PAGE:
HISTORY OF THE US 81st Division (Wildcat Division)

World War One and THE 81ST WILDCAT DIVISION (And information of the 316th)

The United States Army’s 81st Division was first comprised of men that were drafted from Florida, North Carolina, and South Carolina on September 5, 1917. Theire first title was the “Stonewall Division” in honor of Confederate General T J. Jackson. Later they were renamed the “Wildcat Division.” The wildcat shoulder patch was adopted, and was the first insignia worn by troops in the American Expeditionary Force (AEF).  I am still editing this post, and will include links to patches and history when I get the time.

photo of 316th Wildcats patch

photo of 316th Wildcats patch

The division was organized near Columbia South Carolina at Camp Jackson. 

It was one of the first national army divisions to be organized. In May 1918 the 81st Division was sent to Camp Sevier, near Greenville, South Carolina, and in July 1918 it was sent to New York to be shipped overseas.  August 1918 the 81st Division went to England then to France to fight the Germans.

The division was sent to the American 1st Army on October 19, 1918, and November entered the front lines.  After the war the 81st Division remained in France for more than five months.  The men were shipped back to the United States in early June 1919 and discharged from service.

REACTIVATON OF THE 81ST DIVISION

The 81st Division was reactivated on June 15th 1942.   It was overseas July 3rd, 1944, and after 166 days of combat inactivated on January 30th, 1946 in Japan.  Campaigns were in the Western Pacific, & South Philippines.


161st Infantry Brigade:
321st Infantry Regiment
322d Infantry Regiment
317th Machine Gun Battalion

162d Infantry Brigade:
323d Infantry Regiment
324th Infantry Regiment
318th Machine Gun Battalion

156th Field Artillery Brigade:
316th Field Artillery Regiment (155mm)
(These are the guys in  the pictures above)
317th Field Artillery Regiment (75mm)
318th Field Artillery Regiment (75mm)
306th Trench Mortar Battery

Divisional Troops:
316th Machine Gun Battalion
306th Engineer Regiment
306th Field Signal Battalion
306th Train Headquarters and MP
306th Ammunition Train
306th Supply Train
306th Engineer Train
306th Sanitary Train (Ambulance Companies &
Field Hospitals 321, 322, 323, 324)

Insignia of the Wildcat Division  – The cat is in different colors, according to the brigade
BLACK – Headquarters, Machine Gun Battalion, and Engineers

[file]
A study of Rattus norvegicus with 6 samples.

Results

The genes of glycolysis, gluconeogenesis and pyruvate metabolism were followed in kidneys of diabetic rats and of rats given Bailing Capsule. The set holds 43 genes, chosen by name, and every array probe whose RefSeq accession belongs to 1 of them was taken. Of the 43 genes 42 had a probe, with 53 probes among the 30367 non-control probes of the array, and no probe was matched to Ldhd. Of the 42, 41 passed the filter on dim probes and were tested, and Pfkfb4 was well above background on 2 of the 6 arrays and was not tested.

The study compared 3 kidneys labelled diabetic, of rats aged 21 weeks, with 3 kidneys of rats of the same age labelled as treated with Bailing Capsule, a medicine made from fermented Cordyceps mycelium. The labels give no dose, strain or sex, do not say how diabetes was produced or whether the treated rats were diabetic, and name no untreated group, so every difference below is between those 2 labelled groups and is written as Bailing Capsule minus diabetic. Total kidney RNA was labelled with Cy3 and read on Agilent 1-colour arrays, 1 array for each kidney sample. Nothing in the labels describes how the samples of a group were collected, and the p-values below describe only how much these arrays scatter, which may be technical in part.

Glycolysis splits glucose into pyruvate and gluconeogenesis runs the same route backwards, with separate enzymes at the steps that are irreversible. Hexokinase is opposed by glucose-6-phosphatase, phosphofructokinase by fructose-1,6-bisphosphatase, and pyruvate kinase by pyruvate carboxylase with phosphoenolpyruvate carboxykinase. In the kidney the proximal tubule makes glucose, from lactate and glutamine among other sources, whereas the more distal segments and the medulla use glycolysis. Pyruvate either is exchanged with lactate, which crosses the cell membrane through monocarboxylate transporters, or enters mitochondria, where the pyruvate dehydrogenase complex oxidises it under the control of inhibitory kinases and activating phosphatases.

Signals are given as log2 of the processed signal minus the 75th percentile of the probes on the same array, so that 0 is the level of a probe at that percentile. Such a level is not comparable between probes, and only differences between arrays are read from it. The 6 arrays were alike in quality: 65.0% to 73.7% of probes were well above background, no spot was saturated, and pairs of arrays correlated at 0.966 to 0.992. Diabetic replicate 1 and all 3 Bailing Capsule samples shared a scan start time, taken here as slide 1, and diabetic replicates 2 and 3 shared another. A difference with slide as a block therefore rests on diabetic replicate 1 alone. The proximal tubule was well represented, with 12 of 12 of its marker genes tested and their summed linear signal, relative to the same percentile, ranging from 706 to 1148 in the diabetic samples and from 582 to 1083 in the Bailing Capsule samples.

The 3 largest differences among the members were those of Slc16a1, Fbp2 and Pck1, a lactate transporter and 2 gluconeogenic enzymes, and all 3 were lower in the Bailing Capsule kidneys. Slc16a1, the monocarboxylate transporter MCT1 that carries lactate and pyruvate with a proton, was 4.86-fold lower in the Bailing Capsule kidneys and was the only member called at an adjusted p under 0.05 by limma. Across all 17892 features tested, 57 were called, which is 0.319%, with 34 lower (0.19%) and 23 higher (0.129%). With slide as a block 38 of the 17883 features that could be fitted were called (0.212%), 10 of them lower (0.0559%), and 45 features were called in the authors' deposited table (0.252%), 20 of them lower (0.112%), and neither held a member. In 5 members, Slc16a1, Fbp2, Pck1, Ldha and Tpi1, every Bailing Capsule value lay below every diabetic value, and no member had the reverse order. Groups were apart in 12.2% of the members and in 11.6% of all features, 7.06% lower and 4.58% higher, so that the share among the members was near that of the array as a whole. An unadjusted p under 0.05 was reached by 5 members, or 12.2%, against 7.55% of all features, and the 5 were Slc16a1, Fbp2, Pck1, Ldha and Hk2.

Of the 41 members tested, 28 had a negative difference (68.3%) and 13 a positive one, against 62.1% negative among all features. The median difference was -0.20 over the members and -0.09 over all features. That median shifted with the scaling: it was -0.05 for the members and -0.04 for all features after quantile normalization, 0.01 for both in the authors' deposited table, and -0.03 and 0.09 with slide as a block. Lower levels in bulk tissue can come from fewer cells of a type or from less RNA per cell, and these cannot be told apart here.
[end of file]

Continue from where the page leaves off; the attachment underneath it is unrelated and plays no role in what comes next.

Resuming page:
WHITE – One Hundred and Sixty-first Infantry Brigade
LIGHT BLUE – One Hundred and Sixty-second Infantry Brigade
RED – One Hundred and Fifty-sixth Field Artillery Brigade and Ammunition Train
BUFF – Field Signal Battalion, orange; Sanitary Train, green, and Supply Train

Commanders of the 81st Division during World War One
Brig. Gen. Charles H. Barth      August 28th, 1917
Maj. Gen. Charles J. Bailey      October 8th, 1917
Brig. Gen. Charles H. Barth      November 24th, 1917
Brig. Gen. G.W. McIver           December 28th, 1917
Maj. Gen. Charles J. Bailey       March 11th, 1918
Brig. Gen. G.W. McIver           May 19th, 1918
Brig. Gen. Munroe McFarland   May 24th, 1918
Maj. Gen. Charles J. Bailey       May 30th, 1918
Brig. Gen. G.W. McIver           June 9th, 1918
Maj. Gen. Charles J. Bailey       July 3rd, 1918

Commanders of the 81st Division during World War Two
Maj. Gen. Gustave H. Franke (June-August 1942)
Maj. Gen. Paul J. Mueller (August 1942 to inactivation)


  1. I have come across a photo of two soldiers, one of which is identified as “Lieut. Charles Reese, Purchasing Dept, Utilities Q.M.C., Camp Jackson, South Carolina. I’m trying to find out if anyone knows anything about him. Was he a “Wildcat?”



    1918-1919
    318
    X crossed infantry rifles
    U musicians symbol (harp?)

    The reverse side says AEF enclosed in a triangle and France to one side.

    I assume his group fired this shell. I can not prove it. He brought that back from France and as a child I told him I wanted it some day.

    I know he was a musician because of the band picture. In the picture is displayed the “Nice Music Banner. ” This banner is on display in the South Carolina Archives in Columbia. I have to go see this before I die.

    If you have any information on Forrest Tillman Buice, please let me know. I will pay for your research if needed. I know he was just another doughboy. I also need to know if they wore a blue “take it and follow me” pin. I think this was standard infantry issue, but do not know for sure. I have that enclosed with my 1903 Springfield. I found that in a drawer at his home and I confiscated it while I was little.

    Thanks for taking your time to keep this site up and passing it on with our heritage.